The Difference Between Sparkling Wine and Champagne
M. Stefan As we roll into the holiday season here at the “playa”, we’ll hear more of the **pop-pop-pop** of sparkling wine bottles being opened. A question often comes up: what is the difference between “Sparkling Wine” and “Champagne”? Here’s an easy and short answer for you.
A sparkling wine should only be called Champagne if it comes from the region of Champagne, France. Period.
Some California producers still attach the word Champagne to their products, but when you think about this it’s odd: if somebody in France produced a wine called “Napa Valley Merlot” it wouldn’t make any sense, would it? Well, a “Champagne” produced just north of San Francisco is just as guilty.
In other words, all Champagne is sparkling wine, but not all sparkling wine is Champagne. Sparkling wine is made by taking the simple formula for fermentation (sugar + yeast = alcohol and CO2), and not allowing the resulting gas to escape. When you ferment wine in a closed or sealed environment, the CO2 returns into the wine, only to be released in the form of tiny bubbles after opening.
“Sparkling Wine” is made throughout the world. We’ve had incredible examples recently from Chile, Austria, California and Washington State. There are also many bubblies produced in France but outside the Champagne zone, including gems made under the “Cremant” designation. But there is only one true Champagne, from the beautiful region near Paris, France.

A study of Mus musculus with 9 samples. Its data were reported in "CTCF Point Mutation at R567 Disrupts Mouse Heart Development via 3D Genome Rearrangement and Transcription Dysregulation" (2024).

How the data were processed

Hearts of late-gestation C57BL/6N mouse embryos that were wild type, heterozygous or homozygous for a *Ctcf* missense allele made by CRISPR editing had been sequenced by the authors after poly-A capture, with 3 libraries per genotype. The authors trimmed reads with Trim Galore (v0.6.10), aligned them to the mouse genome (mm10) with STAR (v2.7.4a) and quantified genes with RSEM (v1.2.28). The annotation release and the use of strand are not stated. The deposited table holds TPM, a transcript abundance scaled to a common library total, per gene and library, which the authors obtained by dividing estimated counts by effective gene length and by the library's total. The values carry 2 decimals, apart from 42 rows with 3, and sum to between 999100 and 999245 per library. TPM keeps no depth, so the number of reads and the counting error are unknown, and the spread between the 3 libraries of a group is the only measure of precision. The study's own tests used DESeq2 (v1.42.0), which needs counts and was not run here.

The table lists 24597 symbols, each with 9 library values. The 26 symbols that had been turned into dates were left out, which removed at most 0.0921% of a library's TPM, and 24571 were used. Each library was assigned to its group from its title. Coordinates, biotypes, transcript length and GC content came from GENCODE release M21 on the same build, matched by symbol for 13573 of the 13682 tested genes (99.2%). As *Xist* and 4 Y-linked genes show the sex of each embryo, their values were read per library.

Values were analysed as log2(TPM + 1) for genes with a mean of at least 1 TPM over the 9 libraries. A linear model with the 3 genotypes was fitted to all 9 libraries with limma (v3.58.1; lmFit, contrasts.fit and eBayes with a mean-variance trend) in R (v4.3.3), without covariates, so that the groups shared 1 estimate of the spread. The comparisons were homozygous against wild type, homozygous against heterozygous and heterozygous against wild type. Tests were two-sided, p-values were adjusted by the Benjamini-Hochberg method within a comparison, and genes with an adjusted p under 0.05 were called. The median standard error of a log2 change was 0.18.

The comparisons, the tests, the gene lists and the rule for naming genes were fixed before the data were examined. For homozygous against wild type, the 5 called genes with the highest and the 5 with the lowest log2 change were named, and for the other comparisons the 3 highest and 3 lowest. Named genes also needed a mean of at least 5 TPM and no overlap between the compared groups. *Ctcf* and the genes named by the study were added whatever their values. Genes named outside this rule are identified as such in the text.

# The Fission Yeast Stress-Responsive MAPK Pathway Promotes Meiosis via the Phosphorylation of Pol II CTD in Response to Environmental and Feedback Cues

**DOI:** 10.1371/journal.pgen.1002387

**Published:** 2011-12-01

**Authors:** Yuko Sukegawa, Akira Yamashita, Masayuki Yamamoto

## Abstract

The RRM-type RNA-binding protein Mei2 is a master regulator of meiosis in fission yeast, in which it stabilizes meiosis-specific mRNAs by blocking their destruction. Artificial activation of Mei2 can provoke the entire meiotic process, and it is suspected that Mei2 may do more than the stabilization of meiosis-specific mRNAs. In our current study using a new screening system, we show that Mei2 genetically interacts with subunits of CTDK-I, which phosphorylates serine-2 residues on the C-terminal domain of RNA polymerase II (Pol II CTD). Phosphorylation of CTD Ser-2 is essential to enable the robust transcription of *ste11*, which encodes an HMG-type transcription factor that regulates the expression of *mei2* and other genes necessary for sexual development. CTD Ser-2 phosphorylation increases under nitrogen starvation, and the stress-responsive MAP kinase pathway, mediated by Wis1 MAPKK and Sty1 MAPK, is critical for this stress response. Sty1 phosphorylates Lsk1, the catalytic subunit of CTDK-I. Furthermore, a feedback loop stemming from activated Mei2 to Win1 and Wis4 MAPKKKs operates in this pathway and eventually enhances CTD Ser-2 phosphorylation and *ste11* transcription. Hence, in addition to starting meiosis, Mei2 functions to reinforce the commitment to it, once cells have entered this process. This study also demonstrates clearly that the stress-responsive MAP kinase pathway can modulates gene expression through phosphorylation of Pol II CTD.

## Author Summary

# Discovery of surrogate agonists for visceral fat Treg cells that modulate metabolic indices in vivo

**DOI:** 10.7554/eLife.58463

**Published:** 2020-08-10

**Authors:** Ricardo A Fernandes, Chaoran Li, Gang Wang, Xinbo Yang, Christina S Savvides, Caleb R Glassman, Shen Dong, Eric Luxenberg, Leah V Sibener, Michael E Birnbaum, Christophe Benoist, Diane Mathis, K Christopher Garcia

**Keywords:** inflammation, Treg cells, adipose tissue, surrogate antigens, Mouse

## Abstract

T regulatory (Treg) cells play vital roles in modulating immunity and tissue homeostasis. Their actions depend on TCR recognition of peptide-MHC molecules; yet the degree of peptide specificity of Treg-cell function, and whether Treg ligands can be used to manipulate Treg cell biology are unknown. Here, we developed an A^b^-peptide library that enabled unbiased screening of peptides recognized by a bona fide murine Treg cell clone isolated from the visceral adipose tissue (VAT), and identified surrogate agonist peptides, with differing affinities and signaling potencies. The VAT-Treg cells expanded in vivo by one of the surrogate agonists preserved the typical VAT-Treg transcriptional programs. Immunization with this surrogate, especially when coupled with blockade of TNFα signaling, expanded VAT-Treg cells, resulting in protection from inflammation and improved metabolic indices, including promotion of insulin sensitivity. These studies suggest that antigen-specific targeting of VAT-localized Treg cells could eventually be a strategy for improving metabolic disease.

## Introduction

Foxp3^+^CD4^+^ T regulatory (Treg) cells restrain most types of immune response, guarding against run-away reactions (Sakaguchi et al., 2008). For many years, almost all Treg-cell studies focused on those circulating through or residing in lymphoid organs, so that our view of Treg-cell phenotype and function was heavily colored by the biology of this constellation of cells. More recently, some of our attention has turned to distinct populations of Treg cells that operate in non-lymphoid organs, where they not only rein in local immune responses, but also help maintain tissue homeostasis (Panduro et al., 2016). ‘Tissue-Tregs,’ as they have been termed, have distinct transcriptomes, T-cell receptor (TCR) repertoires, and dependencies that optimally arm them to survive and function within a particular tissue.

I recently tasted seven sparkling wines available at Felipe Motta Wine Store in Coronado. These range in price from $6.00 to $64.70. And I found some real knockout values. There actually was only one I wasn’t real fond of. Below are my notes, including the pricing. All the wines are regularly available at Felipe Motta in Coronado as well as their other stores.
Jacqueline Brut Blanc de Blanc, (France, Cremant) $6.25 BEST BUY
Nice tiny bubbles with a fruity & citrus nose. In the mouth it has a creamy feel with hints of green apple. Interesting nutty finish. Simple and clean. Excellent value.
Jacqueline Brut Rose, (France, Cremant) $6.00
Nice bubbles. Hints of strawberries & peach. Slightly sweet, simple with a sharp finish. Not as good as the brut.
Martini Prosecco, (Italy) $11.25
Good bubbles. Nose of citrus. In the mouth it shows citrus, green apples, mandarin orange and earth. Off-dry style. Will hold up to Asian food and other spicy meals.
Codorniu Classico (Spain) $13.00
Earthy nose and taste. Full bodied. Notes of earth, fig, almond yeast and mushrooms, but all in harmony. Very well balanced. Goes great with food.
Chandon Brut (Argentina) $13.50
Good color with a nose of fruit. In the mouth it is rich, creamy, dry and earthy. Full bodied but not overly complex.
Gloria Ferrer Sonoma Brut (California, USA) $19.95 BEST BUY
Mostly Pinot Noir. Excellent color & bubbles. Nose with yeast and deep fruit. In the mouth it shows full flavors of mango, citrus, honey, spices and earth. Excellent with spicy foods, rich sauces and other full main courses.
Moet & Chandon Rose’ Imperial (Champagne, France) $64.70
Truly elegant and complex. Lovely pink color. Long lasting, tiny bubbles. Elements of smoked salmon, strawberries, blueberries, cherries and a hint of wood. When you want one of the best, you can’t go wrong here!
M. Stefan has over 20 years experience in the wine trade and has traveled extensively throughout the wine producing regions of the world. His column is a regular feature of La Playa Community.